I love Diani because it’s where I first fell in love. Returning to Diani over the past weekend for a work trip was amazing! I was tasked by my new clients, Hillpark hotels and resorts, to organize a short media trip with a couple of food, lifestyle and travel journalists and bloggers to the hotel’s new establishment – Amare Resort in Tiwi beach, north of Diani.
We leave Nairobi on Friday at noon to arrive at the new Amare resort – a love-themed destination, with three detached honeymoon cottages and ten beach suites. As Mr. Richard Kimenyi of the Hillpark hotels and resorts shows us around their wedding pavilion overlooking the Indian Ocean and the private beach – I can’t help but think how cool it is that I am still discovering awesome dream destinations in Kenya.
“It’s funny how many dope places you could get away to and be completely hidden from the world but still be in Kenya,” I mention to Joy as we depart on Sunday. She adds, “And it’s even funnier that you’d still be just an hour from Nairobi.”
Now onto other the travel tales …
On Saturday morning we rise early for a close to two-hour ride to Wasini Island to visit the Kisite Mpunguti Marine National Park. After the bumpy ride through a tarmac and rough road, we have arrived at Shimoni, where we take a boat to the island. Before that, we enjoy a descent Swahili breakfast at a little green-housed walled open restaurant near the sea show. The restaurant is almost surrounded by as many baboons as trees with hugging branches and leaves.
There are two Omars among the staff in the boat which takes us to Marine Park. They are very kind – to explain at every interval where we are, what to expect and the history of the area. Wasini is divided into two villages – Mwkiro and Nyuma Maji. The villagers here, like in many coastal settlements in Kenya, solely rely on tourism and fishing. As we pass the last village, we see a boat offloading several water jericans at the shore. One Omar explains, “There is currently a water shortage at the villages so men have to travel to Shimoni’s wells to bring water for the island’s use every day,” adding, “The villages also don’t have electricity. They only use solar panels and generators usually between 7 a.m. – 7 p.m.”
It’s about an hour to the Marine Park, and when we finally arrive it’s a desperate thirty minutes of trying to see the dolphins who refuse to come play. We only see two and they don’t really flaunt much or dance in the air like they are exulted to. The guides say that on a good day we could have seen up to twenty dolphins coming out. But we only see two for a brief moment. But the water is so beautiful and light blue, like I’ve never seen before.
A few people dive into the water to snorkel. I pass, as I nearly drowned in a mishap two weeks ago in Kipungani Explorer in Lamu island (another story for another day). I hear life-changing testimonies as to what the snorkelers see at snorkeling. Hillpark Tiwi’s manager tells me, “I have seen such amazing things like I’ve never seen before.” I wonder, “Like what?” He says, “All sorts of beautiful things like colourful fish, and turtles moving in all directions. That and the coral is just amazing! Anyiko you must go down there.” I don’t. I need another reason to come back to Wasini – dolphins and snorkeling.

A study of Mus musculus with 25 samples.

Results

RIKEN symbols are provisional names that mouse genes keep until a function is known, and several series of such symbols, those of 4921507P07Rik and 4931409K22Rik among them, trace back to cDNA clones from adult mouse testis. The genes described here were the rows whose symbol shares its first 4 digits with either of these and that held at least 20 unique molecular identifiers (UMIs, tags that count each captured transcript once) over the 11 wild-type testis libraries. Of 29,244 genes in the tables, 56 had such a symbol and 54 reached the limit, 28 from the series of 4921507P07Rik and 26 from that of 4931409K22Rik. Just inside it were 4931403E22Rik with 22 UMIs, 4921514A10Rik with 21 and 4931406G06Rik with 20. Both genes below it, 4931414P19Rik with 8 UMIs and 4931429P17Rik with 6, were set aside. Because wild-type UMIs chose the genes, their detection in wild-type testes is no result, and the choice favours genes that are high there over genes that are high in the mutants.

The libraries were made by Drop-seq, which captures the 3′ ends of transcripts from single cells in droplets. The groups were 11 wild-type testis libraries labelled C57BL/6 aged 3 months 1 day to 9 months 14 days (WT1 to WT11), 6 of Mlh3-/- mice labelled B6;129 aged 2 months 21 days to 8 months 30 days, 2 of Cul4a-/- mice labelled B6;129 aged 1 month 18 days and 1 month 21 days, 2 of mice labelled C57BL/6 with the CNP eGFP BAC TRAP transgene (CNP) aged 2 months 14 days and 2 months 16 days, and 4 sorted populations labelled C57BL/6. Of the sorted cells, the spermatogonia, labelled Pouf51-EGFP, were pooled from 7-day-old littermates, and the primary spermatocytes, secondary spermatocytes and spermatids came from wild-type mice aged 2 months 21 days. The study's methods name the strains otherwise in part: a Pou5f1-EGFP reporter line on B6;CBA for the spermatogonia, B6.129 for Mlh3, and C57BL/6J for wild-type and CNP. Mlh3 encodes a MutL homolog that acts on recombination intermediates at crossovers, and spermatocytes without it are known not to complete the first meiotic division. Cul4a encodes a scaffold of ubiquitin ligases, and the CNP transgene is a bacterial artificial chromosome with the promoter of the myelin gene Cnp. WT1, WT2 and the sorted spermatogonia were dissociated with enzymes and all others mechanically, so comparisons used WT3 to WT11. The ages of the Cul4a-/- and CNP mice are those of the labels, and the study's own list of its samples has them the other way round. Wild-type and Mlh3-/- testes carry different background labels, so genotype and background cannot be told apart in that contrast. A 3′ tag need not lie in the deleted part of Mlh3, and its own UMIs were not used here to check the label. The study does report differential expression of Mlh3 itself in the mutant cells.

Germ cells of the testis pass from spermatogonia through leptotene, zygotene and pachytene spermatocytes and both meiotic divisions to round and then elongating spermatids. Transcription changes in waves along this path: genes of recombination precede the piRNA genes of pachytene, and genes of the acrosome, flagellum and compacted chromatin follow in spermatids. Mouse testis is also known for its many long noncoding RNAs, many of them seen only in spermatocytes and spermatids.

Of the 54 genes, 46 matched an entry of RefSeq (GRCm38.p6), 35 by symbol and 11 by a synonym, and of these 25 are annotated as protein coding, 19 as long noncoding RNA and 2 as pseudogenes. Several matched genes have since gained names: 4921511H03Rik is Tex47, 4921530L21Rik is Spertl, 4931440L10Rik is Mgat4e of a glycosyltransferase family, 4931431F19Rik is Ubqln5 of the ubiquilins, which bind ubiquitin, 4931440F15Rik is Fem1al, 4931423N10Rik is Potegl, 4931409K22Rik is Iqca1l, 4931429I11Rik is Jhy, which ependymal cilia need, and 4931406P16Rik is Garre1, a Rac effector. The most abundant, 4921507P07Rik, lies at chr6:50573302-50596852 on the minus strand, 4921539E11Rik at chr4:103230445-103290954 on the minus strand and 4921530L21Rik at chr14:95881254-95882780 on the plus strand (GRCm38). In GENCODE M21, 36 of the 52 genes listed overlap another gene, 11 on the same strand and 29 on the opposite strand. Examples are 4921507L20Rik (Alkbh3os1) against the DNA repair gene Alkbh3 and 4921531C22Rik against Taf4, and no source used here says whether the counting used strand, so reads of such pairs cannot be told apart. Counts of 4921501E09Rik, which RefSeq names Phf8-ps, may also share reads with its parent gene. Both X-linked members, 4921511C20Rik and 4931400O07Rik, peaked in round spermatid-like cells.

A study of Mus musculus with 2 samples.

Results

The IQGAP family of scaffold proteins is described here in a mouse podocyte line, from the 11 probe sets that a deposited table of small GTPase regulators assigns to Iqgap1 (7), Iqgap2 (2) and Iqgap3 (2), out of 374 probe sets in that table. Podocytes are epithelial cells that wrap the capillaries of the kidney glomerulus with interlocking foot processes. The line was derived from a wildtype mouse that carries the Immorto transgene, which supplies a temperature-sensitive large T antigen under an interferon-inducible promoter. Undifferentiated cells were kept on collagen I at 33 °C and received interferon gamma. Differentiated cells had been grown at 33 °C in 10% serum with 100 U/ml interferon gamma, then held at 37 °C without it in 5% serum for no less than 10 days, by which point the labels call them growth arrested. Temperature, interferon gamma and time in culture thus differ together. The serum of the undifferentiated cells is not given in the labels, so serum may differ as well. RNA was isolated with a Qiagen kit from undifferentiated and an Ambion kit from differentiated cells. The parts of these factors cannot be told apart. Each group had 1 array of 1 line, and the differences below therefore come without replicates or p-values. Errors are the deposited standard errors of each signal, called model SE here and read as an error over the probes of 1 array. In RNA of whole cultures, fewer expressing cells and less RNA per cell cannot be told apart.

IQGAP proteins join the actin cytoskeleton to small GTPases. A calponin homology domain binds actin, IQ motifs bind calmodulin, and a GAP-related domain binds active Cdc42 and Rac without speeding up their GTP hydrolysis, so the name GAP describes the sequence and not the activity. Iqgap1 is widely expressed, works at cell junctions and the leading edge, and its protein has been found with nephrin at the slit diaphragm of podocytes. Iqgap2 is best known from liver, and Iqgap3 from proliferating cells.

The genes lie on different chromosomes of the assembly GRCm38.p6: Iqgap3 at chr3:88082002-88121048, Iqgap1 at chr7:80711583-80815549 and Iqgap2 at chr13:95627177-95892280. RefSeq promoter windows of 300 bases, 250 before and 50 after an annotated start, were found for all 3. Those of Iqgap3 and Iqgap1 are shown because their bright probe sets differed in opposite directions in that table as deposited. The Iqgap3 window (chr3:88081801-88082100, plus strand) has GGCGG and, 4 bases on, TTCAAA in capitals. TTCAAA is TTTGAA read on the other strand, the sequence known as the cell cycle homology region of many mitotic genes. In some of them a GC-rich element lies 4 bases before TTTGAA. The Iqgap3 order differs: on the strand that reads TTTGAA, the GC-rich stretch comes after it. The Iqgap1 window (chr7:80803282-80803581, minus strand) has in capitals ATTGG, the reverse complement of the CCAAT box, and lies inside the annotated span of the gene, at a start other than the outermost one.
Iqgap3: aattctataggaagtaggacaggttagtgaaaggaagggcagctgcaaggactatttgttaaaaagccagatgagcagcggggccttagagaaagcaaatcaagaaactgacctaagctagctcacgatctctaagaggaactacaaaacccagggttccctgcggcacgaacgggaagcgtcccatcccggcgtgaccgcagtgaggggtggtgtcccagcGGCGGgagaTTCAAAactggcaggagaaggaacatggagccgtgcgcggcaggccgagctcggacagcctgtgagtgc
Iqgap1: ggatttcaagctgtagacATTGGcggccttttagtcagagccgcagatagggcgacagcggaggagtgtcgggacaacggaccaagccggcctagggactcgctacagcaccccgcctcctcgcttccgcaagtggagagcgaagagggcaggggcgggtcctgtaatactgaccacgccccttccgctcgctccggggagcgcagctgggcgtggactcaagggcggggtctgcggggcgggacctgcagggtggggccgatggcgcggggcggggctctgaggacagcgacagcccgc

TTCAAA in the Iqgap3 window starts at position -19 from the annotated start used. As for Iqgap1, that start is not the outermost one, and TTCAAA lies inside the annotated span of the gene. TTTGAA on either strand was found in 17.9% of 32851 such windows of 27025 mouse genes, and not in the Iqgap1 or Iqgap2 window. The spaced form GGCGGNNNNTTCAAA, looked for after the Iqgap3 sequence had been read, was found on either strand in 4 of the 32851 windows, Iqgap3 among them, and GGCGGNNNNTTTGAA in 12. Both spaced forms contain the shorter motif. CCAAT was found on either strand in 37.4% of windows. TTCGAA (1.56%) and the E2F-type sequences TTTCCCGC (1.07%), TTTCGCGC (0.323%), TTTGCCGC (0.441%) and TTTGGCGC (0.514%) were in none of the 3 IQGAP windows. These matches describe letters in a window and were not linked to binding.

We then sail over to a part of Wasini Island, and we have lunch at Kaole – the most lovely little restaurant. It wasn’t its aesthetic or decor but the warmth with which the staff at the restaurant served us, and talked to us. Our only waiter is almost like a caring spouse. “Enjoy your food please. Anything you want or need please let me know.” Their sea weed, Coconut Rice, Boiled Casava in Sauce, Coconut Sauce, Grilled Fish, Crab and the Wasini Cocktail blended in melon, passion and lemon, is a combo to reckon! Slurrrrp! If you ever go to Wasini Island, do pay them a visit.
Back at Shimoni after the fun sailing, I take a little historical walk back into the Shimoni Slave Caves, just a stone throw away from where ships dock into the sea. According to the guide, there were only four of such main slave caves in Kenya with three conjoined to this cave by underground tunnels. This area was named Shimoni (a place of a hole or inside the whole) because of the existence of caves by the seashore that were formed naturally. Slave traders turned that to their advantage, transforming the caves into a confinement for captured slaves who would later be shipped to the slave market in Zanzibar.
Starting in the 1750s, Shimoni, was among coastal cities and towns that were considered as ‘slave holding ports’ for east Africa’s coastal slave trade that spanned across South Africa to the Middle East.
It’s a literal freak show. From the ground area, spiral steps lead us into what used to be a slaves “Godown” – the tour guide calls it. He takes us through a cave area with chains still attached to its walls. He walks us deep into the dungeon explaining how and where slaves would be fitted in like cargo waiting to be exported. He expounds on how a slave would be tied around the chain area, a central location,to be whipped in punishment, and how all other slaves would watch the ordeal.
I walked into the caves, free and brave but prematurely run out scared and claustrophobic. I need to recover and soak into the and beauty of liberation. No other place to finish it than in my sweet cottage at Amare Resort …
BONUS: Thank you Caroline Mutoko. Thank you Hillpark Beach hotel Amare resort and Fly Sax Airline for the collaboration and entrusting me with the job of putting together and managing the media trip.